I think a Christian response to these mind-boggling ethical problems must be built upon two critical—and biblical—points of view. The first is basic and, thereby, most important. It is that we are obligated to the right of people to live, and out of love for them to promote, support, heal, and preserve their lives whenever possible. We should always be on the side of healing and preserving human life, whether prenatal or neonatal. And we should be relentlessly opposed to any trend that makes our selfish desire for a comfortable life more important than the challenge of caring for handicapped lives.
The second point of view is subordinate to the first. It grows out of the profoundness of moral decision making in a world of tragedy. There are anomalies that stagger our imagination. A fetus that is either missing a brain or has a brain too small to give any promise of genuinely human life is a case in point. To absolutize in these situations is not to rise to the defense of life but to sink to unusual and unwarranted cruelty. I believe that in our decision making we must have a passion for life, but a compassion for the living. There is a need for line drawing, but life does not allow us to draw permanent lines for every situation. We must allow for the exercise of what Saint Paul called “spiritual understanding and wisdom” in those cases where sad and tragic decisions must be made.
As for Dr. Elkins, his medical ethics are born of both conviction and compassion. His conviction leads him to support handicapped human life, and his compassion allows him to discern very exceptional cases. He is a convincing witness against all egotistic choices that fail to preserve prenatal and neonatal life. His own family experience supports the belief that love can abound over grievous childhood handicaps. However, he is adverse, and properly so, to giving biomedical ethics over to politics. And he is opposed to an insensitive absolutism that rides roughshod over all circumstances and allows for no compassionate exception in extremely tragic cases. He recognizes that there may be unusual cases in which to preserve life would be unwarrantedly cruel for all concerned. All in all, Dr. Elkins illustrates the kind of ethical discernment that I should devoutly wish for every Christian physician.
One caution: Dr. Elkins’s discussion is rather physician-oriented. He does not discuss the right of parents to make decisions contrary to their doctor’s good counsel, a matter that is very crucial to the entire decision-making situation.
The Christian Action Council (CAC) was involved in 50 or 60 hours of discussion over Baby Doe legislation, and what we saw—and what is not readily apparent from the interview—was an unprecedented consensus bringing together disability and right-to-life groups. The result of that unanimity is the law we have today, which, incidently, attempts to lift the burden off the physician’s shoulders in these extreme cases. It gives medicine a malpractice standard with which they are all familiar: that is, a physician must now simply ask the question, “Is there a treatment to correct the anomaly?”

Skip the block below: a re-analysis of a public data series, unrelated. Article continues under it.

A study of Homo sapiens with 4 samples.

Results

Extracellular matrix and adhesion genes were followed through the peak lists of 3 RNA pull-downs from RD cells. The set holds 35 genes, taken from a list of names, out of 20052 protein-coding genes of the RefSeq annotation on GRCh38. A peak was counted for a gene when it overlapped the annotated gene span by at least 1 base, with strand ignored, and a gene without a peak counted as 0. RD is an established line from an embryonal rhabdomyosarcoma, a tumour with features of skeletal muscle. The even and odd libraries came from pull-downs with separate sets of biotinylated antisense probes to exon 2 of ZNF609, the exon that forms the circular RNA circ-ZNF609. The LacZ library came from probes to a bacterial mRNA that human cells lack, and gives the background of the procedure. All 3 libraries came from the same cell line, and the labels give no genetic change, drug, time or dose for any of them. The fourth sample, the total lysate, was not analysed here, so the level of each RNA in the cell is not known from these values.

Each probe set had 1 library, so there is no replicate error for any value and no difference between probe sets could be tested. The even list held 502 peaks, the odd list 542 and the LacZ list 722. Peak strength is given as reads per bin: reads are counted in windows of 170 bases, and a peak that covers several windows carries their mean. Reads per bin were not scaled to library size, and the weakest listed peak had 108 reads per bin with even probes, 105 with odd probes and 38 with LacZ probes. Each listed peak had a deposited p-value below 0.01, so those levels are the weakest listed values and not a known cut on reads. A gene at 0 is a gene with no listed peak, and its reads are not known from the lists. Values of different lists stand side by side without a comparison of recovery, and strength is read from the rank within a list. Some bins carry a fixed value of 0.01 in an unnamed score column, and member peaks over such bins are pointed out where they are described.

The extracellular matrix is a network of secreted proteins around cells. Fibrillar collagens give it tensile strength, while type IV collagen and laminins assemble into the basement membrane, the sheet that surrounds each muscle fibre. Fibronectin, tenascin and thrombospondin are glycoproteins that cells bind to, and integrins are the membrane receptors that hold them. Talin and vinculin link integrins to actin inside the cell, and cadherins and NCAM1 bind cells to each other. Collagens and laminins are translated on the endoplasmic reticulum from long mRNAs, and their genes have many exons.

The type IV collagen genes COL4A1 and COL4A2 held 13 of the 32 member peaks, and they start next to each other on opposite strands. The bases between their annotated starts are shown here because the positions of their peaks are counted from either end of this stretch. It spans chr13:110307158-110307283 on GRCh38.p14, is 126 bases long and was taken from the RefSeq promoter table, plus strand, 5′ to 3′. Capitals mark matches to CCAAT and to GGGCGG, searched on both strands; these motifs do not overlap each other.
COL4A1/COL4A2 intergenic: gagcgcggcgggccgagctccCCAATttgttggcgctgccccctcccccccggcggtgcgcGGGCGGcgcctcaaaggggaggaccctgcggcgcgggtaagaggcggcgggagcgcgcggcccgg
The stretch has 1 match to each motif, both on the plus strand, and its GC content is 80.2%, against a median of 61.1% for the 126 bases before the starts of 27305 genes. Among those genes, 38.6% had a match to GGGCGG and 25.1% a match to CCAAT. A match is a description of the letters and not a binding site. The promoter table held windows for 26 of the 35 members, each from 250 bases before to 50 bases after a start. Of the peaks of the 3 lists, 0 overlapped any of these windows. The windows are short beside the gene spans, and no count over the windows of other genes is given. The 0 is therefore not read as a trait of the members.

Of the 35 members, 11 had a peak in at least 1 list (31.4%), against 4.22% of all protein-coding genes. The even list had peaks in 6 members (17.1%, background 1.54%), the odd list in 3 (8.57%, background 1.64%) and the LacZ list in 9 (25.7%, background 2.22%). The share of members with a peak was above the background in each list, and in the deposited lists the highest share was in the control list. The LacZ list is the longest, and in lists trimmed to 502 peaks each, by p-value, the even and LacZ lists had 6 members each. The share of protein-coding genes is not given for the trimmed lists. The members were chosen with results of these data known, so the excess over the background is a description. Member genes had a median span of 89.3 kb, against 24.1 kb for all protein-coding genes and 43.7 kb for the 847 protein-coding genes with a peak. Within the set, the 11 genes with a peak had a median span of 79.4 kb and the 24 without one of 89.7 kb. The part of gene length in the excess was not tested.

In working with Baby Doe regulations and discussing their intent and implementation, one of the things that has troubled us most is the prejudice against handicapped people, especially those with Down’s syndrome and spina bifida. The assumption, as Dr. Elkins points out, is that these kids will lead lives filled with pain and suffering, lives that are destined to be unproductive. Such thinking is totally erroneous. Here at CAC we had an intern with spina bifida, a boy whose parents were told their son would not have a life worth living. Today he attends William and Mary College.
In his candidness, Dr. Elkins has spoken on behalf of life. He is correct in saying that it is just a short step from abortion to infanticide. Indeed, it demonstrates the schizophrenia of our society when we work on a neonate of 21 weeks, yet abort a fetus of the same gestational age.
I agree with Dr. Elkins’s call for a deeper motivational response than the blanket “All babies should be resuscitated and put on respirators.” However, we must be careful not to oversimplify what is, in fact, the principle of the prolife position: namely, that we want to do all we can to enhance the possibility of living for the handicapped and the unborn child. To prolong an agonizing, painful situation for several days for the sake of some group’s political agenda is, as Elkins rightly points out, inhumane. But I’m not sure that very many people would say that that is what they are trying to do.
We must do all in our power to help the critically ill patient—newborn or otherwise. But, of course, there are those tragic situations where such help is impossible. The temptation here, however, is that once such a situation is identified, we tend not only to let the patient die as comfortably as possible, but to accelerate his death as well. Before reaching that point, we must put the patient in the Lord’s hands and confess we cannot do anything more, but that we will not do anything to accelerate the patient’s death.
The Word of God is equal to such ethical challenges. It contains the principles for answering even the most dramatic questions facing modern medicine—and us as a society—in this technological age. Yet whether or not the church is effectively applying that Word is another matter altogether. We all too often allow technology to dictate our principles rather than have our well-thought-out principles dictate our use of technology. Christian institutions are not meeting today’s medical-ethical challenges largely because they don’t think scripturally and critically about them until minds are already made up and decisions already reached.